PST returns to British Columbia

Image of Lillian and Bill Vander Zalm with Bill Tieleman at 2009 rallly in Vancouver against HST via billtieleman.blogspot.ca

Image of Lillian and Bill Vander Zalm with Bill Tieleman at 2009 rallly in Vancouver against HST via billtieleman.blogspot.ca

2010 referendum result kicked into effect

By Keating Smith, Staff Writer

On April 1, British Columbians reverted back into the GST/PST tax system after 54.73 per cent of referendum participants voted yes to abolishing the harmonized sales tax through a mail-in ballot referendum in summer 2011.

Three months after the BC Liberals won their third consecutive term in early 2009, Gordon Campbell announced to the province that it had accepted Ottawa’s $1.6-billion offer to transfer to the harmonized federal-provincial tax system.

Former BC premier Bill Vander Zalm, who led the anti-HST campaign, “Fight HST,” criticized the provincial government in delaying the switch back as another way for the Liberals to capitalize off the revenues paid on the extra taxes for consumer goods in BC.

“Not only have we gotten rid of a nasty, unfair, cruel tax, but we’ve also shown the world, particularly our country, that direct democracy can work as it should,” said Vander Zalm.

In contrast, Premier Christy Clark says the consequences from the return could outweigh the positives.

“Some folks aren’t celebrating the return of the PST,” Clark said. “The HST was good for our film industry, good for manufacturing, and for many other sectors of our economy,” she said.

BC will now spend the next five years repaying the federal government the $1.6-billion transfer, interest-free, they received for adopting the HST.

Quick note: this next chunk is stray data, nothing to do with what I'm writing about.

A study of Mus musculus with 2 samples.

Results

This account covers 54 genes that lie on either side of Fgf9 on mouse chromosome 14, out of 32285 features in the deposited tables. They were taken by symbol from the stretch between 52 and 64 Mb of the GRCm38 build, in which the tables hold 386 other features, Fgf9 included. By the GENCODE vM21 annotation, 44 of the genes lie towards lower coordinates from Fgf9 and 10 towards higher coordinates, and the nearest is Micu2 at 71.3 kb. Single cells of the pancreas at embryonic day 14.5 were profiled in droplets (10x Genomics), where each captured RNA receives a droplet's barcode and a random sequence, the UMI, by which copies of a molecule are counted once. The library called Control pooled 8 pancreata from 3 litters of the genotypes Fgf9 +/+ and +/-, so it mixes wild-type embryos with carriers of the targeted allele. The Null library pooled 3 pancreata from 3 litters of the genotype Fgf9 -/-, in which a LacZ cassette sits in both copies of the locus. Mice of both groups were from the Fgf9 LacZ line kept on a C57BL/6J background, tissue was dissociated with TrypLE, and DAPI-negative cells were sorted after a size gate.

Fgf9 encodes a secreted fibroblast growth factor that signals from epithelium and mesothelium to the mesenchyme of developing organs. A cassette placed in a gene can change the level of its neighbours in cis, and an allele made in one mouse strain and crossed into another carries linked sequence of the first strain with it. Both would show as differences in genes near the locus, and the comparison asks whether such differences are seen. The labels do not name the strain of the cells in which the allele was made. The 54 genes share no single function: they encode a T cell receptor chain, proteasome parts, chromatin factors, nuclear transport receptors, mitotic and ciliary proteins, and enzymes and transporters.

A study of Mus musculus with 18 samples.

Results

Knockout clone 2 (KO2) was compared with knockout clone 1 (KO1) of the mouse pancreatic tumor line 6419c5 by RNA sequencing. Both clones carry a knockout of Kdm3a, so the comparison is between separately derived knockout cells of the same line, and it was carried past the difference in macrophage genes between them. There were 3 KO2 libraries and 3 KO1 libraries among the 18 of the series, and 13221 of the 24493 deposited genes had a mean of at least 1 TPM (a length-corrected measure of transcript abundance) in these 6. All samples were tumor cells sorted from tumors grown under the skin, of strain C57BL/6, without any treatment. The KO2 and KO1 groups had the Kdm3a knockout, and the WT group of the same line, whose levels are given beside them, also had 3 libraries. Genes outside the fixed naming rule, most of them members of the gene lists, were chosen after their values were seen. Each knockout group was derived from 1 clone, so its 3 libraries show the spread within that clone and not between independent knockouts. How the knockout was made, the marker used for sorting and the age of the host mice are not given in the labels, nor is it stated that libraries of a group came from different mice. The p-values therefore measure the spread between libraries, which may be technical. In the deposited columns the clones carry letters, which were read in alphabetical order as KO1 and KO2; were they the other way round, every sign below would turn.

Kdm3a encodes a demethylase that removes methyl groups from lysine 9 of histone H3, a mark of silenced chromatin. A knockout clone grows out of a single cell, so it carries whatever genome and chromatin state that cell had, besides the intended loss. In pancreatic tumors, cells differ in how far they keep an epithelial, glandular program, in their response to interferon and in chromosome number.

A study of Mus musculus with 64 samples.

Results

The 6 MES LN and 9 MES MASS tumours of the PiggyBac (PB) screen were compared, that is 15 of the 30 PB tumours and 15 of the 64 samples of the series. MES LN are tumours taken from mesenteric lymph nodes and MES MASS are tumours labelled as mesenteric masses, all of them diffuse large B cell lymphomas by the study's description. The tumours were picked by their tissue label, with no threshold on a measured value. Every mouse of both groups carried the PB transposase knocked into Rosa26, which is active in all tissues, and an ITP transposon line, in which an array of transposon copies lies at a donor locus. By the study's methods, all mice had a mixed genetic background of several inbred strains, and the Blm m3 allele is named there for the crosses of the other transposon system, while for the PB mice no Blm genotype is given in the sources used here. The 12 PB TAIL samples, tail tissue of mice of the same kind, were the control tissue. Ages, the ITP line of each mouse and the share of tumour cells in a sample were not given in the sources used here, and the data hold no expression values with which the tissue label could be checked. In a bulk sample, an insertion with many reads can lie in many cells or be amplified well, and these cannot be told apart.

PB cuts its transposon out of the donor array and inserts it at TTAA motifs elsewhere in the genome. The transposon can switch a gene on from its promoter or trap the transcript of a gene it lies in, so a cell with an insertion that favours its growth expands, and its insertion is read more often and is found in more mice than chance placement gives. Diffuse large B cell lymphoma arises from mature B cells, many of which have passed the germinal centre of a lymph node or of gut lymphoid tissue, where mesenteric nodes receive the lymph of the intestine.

Many people in the province have called the turbulence surrounding BC’s tax switch political suicide for the Liberal Government. Former premier Gordon Campbell stated his resignation in a televised broadcast to the province in November 2010, officially stepping down March 2011 due to the outcry from the public over the switch.

Restaurant lobbies were among the most vocal of critics, with representatives claiming food and beverage sales were hurt the most. “HST cost BC’s food service industry a total of $1.5 billion in lost sales,” claimed Mark von Schellwitz, of the Canadian Restaurant and Foodservice Association.

While the BC government is still finalizing the finer details of the transition back to the original tax system, they have set up several services including a general complaint website for small business owners facing any problems from the revert to GST/PST.

British Columbians are set to go to the provincial voting polls next month, with an NDP majority expected by poll analysts.

The Other Press

The Other Press, Douglas College's student newspaper since 1976. Articles, insight and updates from the New West and Coquitlam campuses.